The Chart of Accounts for a business includes balance sheet accounts that track what the company owns — its assets. The two types of asset accounts are current assets and long-term assets.
The balance sheet accounts, and the financial report they make up, are so-called because they have to balance out. The value of the assets must be equal to the claims made against those assets. These claims are liabilities made by lenders and equity made by owners.
Current assets are the key assets that your business uses up during a 12-month period and will likely not be there the next year. Current asset accounts include the following:
Cash in Checking: Any company’s primary account is the checking account used for operating activities. This is the account used to deposit revenues and pay expenses.
Cash in Savings: This account is used for surplus cash. Any cash for which there is no immediate plan is deposited in an interest-earning savings account so that it can earn interest.
Cash on Hand: This account is used to track any cash kept at retail stores or in the office. In retail stores, cash must be kept in registers in order to provide change to customers. In the office, petty cash is often kept for immediate cash needs that pop up from time to time.
Accounts Receivable: If you offer your products or services to customers on store credit, then you need this account to track the customers who buy on your dime.
Accounts Receivable isn’t used to track purchases made on other types of credit cards because your business gets paid directly by banks, not customers, when other credit cards are used.
Inventory: This account tracks the products you have on hand to sell to your customers. The value of the assets in this account varies depending upon the way you decide to track the flow of inventory into and out of the business.
Prepaid Insurance: This account tracks insurance you pay in advance that’s credited as it’s used up each month.
Long-term assets are assets that you anticipate your business will use for more than 12 months. Some of the most common long-term assets include:
Land: This account tracks the land owned by the company. The value of the land is based on the cost of purchasing it.
Buildings: This account tracks the value of any buildings a business owns. The value of the building is based on the cost of purchasing it. The key difference between buildings and land is that the building’s value is depreciated, while the value of the land is not depreciated.
Accumulated Depreciation — Buildings: This account tracks the cumulative amount a building is depreciated over its useful lifespan.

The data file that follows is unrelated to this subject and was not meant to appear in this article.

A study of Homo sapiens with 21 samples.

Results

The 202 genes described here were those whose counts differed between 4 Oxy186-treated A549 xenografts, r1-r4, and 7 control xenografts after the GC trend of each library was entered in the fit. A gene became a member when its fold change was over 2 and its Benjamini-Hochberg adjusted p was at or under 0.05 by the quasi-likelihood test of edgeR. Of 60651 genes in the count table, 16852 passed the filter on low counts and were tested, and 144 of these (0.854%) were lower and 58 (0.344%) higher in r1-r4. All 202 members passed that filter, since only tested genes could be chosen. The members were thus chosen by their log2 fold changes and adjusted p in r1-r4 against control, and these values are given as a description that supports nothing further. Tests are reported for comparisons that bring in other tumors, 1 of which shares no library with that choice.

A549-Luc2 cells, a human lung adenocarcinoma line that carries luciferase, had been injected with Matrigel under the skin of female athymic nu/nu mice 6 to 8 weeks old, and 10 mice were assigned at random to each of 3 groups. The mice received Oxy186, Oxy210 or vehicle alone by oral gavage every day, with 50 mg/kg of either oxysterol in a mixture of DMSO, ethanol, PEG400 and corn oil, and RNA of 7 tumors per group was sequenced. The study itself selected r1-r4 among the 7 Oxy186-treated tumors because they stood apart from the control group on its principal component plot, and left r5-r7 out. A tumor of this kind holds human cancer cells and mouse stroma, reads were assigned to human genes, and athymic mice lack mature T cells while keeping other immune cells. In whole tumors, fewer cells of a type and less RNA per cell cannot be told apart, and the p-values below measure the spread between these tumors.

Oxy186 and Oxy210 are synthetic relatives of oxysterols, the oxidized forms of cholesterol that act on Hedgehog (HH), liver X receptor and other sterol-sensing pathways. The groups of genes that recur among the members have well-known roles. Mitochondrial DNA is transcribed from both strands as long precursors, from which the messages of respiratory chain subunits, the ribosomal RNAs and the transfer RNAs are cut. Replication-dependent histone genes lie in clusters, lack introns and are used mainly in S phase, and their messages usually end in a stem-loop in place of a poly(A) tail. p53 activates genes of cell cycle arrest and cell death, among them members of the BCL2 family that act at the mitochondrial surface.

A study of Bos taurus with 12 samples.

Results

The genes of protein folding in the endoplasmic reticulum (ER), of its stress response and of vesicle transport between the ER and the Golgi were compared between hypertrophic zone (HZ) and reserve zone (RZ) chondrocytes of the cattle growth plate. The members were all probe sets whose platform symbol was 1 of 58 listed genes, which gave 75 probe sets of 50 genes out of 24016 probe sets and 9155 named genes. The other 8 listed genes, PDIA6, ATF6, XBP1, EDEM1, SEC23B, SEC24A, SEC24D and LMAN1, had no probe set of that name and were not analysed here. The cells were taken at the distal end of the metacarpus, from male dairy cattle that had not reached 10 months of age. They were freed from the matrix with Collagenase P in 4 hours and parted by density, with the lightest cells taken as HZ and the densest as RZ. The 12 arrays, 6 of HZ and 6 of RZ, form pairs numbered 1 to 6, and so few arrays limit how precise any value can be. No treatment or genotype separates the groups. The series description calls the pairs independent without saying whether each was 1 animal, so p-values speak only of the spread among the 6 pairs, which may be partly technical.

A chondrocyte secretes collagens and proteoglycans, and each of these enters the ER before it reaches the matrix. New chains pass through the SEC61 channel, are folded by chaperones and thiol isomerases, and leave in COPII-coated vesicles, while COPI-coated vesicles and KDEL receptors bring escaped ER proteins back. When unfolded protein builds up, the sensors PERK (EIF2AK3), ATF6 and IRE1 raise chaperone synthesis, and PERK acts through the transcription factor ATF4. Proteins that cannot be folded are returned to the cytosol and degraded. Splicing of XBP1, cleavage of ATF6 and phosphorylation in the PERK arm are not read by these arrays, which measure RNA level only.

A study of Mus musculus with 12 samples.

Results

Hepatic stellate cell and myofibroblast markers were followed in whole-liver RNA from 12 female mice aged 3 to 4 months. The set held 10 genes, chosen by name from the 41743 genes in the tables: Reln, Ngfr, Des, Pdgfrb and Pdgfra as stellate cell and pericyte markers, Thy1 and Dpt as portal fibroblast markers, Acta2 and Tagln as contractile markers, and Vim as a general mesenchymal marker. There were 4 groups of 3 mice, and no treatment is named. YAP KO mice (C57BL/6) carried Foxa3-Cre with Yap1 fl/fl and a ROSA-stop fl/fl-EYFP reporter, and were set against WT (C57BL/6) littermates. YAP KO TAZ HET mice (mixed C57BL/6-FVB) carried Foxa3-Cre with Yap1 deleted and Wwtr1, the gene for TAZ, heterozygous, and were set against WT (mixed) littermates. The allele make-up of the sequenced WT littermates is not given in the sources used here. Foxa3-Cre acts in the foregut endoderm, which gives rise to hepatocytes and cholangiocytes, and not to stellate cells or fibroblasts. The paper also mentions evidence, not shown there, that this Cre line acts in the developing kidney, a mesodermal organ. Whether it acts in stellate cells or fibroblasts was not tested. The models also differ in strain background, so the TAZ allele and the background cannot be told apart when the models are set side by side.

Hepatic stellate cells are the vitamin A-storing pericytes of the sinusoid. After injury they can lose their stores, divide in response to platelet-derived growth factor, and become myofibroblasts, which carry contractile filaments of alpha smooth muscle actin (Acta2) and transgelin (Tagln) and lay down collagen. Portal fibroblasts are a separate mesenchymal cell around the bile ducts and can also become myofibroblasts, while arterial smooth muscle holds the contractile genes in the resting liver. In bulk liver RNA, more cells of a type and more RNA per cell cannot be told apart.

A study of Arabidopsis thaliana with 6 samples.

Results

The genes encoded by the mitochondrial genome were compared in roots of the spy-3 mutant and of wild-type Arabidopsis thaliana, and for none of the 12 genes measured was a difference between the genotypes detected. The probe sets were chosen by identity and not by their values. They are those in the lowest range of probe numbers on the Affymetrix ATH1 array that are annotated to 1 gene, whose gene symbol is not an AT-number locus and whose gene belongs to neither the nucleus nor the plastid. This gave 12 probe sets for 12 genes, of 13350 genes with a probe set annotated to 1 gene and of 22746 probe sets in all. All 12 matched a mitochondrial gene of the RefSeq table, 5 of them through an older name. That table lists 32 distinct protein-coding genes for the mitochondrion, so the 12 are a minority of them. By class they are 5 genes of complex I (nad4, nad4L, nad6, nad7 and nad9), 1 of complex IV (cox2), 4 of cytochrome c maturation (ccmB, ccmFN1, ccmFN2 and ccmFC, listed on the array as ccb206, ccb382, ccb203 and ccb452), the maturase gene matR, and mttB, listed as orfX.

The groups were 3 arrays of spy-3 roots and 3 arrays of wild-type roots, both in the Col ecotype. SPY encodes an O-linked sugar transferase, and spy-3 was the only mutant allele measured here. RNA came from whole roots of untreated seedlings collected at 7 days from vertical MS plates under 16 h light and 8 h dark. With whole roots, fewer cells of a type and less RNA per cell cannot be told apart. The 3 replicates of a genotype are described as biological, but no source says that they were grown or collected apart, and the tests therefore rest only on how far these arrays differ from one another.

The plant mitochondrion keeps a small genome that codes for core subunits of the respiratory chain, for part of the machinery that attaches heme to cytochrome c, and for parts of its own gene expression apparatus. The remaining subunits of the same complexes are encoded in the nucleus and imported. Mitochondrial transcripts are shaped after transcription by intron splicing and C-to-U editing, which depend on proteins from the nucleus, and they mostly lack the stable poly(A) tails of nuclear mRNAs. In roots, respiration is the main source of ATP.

Leasehold Improvements: This account tracks the value of improvements to buildings or other facilities that a business leases rather than purchases. Leasehold improvements are depreciated as the value of the asset ages.
Accumulated Depreciation — Leasehold Improvements: This account tracks the cumulative amount depreciated for leasehold improvements.
Vehicles: This account tracks any cars, trucks, or other vehicles owned by the business. The initial value of any vehicle is listed in this account based on the total cost paid to put the vehicle in service. Vehicles also depreciate through their useful lifespan.
Accumulated Depreciation — Vehicles: This account tracks the depreciation of all vehicles owned by the company.
Furniture and Fixtures: This account tracks any furniture or fixtures purchased for use in the business. The value of the furniture and fixtures in this account is based on the cost of purchasing these items. These items are depreciated during their useful lifespan.
Accumulated Depreciation — Furniture and Fixtures: This account tracks the accumulated depreciation of all furniture and fixtures.
Equipment: This account tracks equipment that was purchased for use for more than one year, such as computers, copiers, tools, and cash registers. Equipment is also depreciated to show that over time it gets used up and must be replaced.
Accumulated Depreciation — Equipment: This account tracks the accumulated depreciation of all the equipment.
The following accounts track long-term assets such as organization costs, patents, and copyrights. These are called intangible assets, and the accounts that track them include:
Organization Costs: This account tracks initial start-up expenses to get the business off the ground. Special licenses and legal fees must be written off over a number of years using a method similar to depreciation, called amortization, which is also tracked.
Amortization — Organization Costs: This account tracks the accumulated amortization of organization costs during the period in which they’re being written-off.
Patents: This account tracks the costs associated with patents, grants made by governments that guarantee to the inventor of a product or service the exclusive right to make, use, and sell that product or service over a set period of time. Patent costs are amortized.
Amortization — Patents: This account tracks the accumulated amortization of a business’s patents.
Copyrights: This account tracks the costs incurred to establish copyrights. This legal right expires after a set number of years, so its value is amortized as the copyright gets used up.
Goodwill: This account is only needed if a company buys another company for more than the actual value of its tangible assets. Goodwill reflects the intangible value of this purchase for things like company reputation, store locations, and customer base.